English | Dzongkha Friday, November 15, 2019

Nazhoen Lamtoen sees increasing clients

Pema Tshewang, Thimphu
Jul 16, 2019

The Nazhoen Lamtoen Children’s Halfway Home in Thimphu has been seeing an increasing number of clients since its establishment in December last year. Nazhoen Lamtoen, a Civil Society Organization (CSO) established the facility to cater after-care services to children in difficult circumstances.

So far, they received 40 children, who came into conflict with the law.

The shelter home had successfully reunited 30 of them with their parents and relatives with the help of the National Commission for Women and Children (NCWC).

“We conduct thorough follow up whether the child has been taken good care or whether he or she is getting a good education. Most the children are reunited back as children are the best with their parents and guardian not in the shelter,” Thinley Tobgyel, the Executive Director of  Nazhoen Lamtoen, said.

However, there are a few who have been with the centre since its establishment.

At present, the 20-bedded centre is looking after 10 children aged between 5 years and 18 years. One of them is differently-abled while the rest are enrolled in schools in Thimphu and Wangdue Phodrang.

Most clients at the Halfway Home are received through the NCWC, Royal Bhutan Police and Nazhoen Lamtoen’s volunteers. Looking into their family backgrounds, the centre says in most occasions, their parents are either divorced, alcoholics or into substance abuse.

“For example, if the parents have some alcoholism or substance problem, then we address to treat their addiction in the first place. After treatment, we help them to establish some micro-business to sustain themselves. Once the business starts generating income, then the parents are ready to take care of their children,” Thinley Tobgyel added.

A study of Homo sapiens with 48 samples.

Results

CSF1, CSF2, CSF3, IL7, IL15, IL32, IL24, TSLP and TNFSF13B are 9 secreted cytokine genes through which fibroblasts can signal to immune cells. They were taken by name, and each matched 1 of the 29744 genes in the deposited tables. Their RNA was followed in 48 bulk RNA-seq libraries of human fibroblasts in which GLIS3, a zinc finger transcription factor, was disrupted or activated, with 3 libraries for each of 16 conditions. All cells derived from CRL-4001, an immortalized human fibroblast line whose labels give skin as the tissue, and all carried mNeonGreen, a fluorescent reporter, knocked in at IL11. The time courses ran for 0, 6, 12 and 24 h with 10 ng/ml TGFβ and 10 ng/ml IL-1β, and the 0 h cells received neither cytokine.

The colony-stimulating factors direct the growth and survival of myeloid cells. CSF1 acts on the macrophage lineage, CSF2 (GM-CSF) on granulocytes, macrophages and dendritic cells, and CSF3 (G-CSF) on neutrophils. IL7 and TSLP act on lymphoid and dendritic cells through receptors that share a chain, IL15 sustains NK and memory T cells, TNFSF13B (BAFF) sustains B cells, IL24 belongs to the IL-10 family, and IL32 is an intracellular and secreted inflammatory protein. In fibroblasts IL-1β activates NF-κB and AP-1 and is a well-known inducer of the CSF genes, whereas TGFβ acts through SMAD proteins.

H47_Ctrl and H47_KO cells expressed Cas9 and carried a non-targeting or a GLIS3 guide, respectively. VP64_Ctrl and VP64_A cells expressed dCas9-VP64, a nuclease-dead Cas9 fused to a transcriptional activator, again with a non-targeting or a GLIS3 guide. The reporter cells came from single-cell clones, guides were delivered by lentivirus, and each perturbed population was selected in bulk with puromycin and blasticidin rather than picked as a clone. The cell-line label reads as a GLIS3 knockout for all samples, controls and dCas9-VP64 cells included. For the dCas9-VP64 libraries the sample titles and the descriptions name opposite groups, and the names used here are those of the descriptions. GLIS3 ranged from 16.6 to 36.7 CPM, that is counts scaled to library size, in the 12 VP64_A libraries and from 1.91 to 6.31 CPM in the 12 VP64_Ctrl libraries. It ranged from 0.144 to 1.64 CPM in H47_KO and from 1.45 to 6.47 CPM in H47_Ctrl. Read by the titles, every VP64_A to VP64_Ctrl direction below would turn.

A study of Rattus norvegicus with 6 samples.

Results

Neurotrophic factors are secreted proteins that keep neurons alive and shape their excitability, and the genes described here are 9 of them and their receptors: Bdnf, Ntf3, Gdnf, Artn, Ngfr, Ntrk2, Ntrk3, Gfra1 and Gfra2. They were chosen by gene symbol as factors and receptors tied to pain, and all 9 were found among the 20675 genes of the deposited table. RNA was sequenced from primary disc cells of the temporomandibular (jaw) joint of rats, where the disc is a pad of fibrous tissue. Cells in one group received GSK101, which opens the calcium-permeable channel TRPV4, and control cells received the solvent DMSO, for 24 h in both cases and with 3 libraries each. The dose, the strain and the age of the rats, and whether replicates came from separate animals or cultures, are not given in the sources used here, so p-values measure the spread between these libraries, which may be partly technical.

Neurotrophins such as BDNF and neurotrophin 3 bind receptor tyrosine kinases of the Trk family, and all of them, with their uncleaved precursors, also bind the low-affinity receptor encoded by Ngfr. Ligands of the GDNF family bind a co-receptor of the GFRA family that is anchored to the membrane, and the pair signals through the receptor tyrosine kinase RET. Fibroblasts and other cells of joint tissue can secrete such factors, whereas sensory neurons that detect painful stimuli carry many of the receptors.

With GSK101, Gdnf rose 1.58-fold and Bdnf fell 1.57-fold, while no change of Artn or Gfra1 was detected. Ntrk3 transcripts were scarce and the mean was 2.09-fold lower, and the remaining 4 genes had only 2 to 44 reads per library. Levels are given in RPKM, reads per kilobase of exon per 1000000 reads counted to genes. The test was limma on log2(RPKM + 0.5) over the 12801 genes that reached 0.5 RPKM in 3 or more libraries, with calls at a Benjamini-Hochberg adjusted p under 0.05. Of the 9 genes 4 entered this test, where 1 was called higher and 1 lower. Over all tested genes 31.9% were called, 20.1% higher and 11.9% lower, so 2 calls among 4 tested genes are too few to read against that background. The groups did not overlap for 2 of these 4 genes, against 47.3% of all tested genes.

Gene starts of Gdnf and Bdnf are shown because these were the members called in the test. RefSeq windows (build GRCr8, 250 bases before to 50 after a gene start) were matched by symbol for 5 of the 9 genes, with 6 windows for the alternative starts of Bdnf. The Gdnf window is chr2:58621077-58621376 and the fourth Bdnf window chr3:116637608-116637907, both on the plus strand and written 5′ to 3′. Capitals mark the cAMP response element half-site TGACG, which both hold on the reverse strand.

While Nazhoen Lamtoen works towards reuniting the children with their parents, during their stay at the centre, the children are provided with opportunities to enhance their self-esteem and develop life skills.

Chapter 12 of the Child Care Protection Act of Bhutan 2011 states that a child in conflict with the law may undergo a diversion program without undergoing court proceeding if the alleged offence committed by the child is not of a serious nature.  A diversion means alternative measures for dealing with a child in conflict with law other than a judicial proceeding.

Save The Children Bhutan, Helvetas and Opening Your Heart to Bhutan are the centre’s main financial supporters.